CAIRO (Reuters) - The leaders of Ethiopia and Egypt vowed on Sunday to iron out their differences over a dam Addis Ababa is building on the Nile River that Cairo fears threatens its water supplies.
Talks over the Grand Renaissance Dam, Ethiopia’s $4 billion hydroelectric project, have been deadlocked for months. But at a press conferee in Cairo, Ethiopian Prime Minister Abiy Ahmed and Egyptian President Abdel Fattah al-Sisi signaled they had made a breakthrough.
“We have come a long way in building confidence and strengthening bilateral cooperation,” Sisi said.
Ahmed, speaking in his native Amharic language, said Ethiopia was committed to ensuring Egypt’s share of Nile water.
“We will take care of the Nile and we will preserve your share and we will work to increase this quota and President Sisi and I will work on this,” Ahmed said, addressing Egyptians.
Safeguarding Egypt’s share of the Nile, its main source of drinking water and water for industry and farming, is at the top of Sisi’s agenda as he begins his second term in office.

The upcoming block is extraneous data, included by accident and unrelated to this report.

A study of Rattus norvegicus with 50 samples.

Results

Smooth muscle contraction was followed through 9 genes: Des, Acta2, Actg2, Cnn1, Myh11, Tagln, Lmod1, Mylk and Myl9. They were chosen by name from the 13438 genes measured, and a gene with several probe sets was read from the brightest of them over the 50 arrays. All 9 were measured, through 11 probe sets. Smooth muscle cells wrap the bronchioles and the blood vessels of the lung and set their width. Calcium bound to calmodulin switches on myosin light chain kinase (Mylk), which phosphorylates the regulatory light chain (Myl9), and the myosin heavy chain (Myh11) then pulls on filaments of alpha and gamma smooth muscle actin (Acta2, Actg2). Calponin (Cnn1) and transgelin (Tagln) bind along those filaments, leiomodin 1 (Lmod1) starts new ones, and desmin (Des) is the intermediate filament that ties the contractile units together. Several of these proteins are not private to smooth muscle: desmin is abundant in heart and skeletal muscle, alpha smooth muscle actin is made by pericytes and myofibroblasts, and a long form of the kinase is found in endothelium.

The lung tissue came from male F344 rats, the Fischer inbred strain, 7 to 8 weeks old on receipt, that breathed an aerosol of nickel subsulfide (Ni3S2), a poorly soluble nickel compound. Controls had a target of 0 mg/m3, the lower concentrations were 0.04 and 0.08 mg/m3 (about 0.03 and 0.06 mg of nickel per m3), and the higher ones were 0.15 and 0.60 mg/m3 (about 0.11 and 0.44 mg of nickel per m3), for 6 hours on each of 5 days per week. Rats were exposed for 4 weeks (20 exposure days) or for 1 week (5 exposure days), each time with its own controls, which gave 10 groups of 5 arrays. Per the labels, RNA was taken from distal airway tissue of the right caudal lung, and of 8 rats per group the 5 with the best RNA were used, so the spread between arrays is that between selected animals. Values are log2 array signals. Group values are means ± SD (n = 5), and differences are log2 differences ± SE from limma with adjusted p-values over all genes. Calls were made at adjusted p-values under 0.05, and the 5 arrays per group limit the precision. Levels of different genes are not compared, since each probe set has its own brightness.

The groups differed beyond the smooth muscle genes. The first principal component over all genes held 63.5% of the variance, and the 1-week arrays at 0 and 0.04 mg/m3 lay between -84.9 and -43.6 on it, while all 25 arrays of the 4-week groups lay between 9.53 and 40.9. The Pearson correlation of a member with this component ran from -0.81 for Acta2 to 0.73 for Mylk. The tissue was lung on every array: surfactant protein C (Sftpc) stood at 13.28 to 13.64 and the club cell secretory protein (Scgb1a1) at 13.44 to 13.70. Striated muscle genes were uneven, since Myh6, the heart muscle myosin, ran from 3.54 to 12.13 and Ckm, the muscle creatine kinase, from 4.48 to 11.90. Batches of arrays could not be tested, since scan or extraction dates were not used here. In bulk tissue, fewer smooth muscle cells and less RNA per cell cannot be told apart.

The two sides agreed to take steps to put into effect an agreement - which also includes Sudan - to set up a fund for investing in infrastructure in the three countries.
Toward the end of their news conference, Sisi asked Ahmed to swear to God before the Egyptian people that he will not hurt Egypt’s share of the Nile.
“I swear to God, we will never harm you,” Ahmed repeated the words in Arabic after Sisi, who thanked him for releasing jailed Ethiopians.
Reporting by Omar Fahmy, writing by Amina Ismail, editing by Larry King
Our Standards: The Thomson Reuters Trust Principles.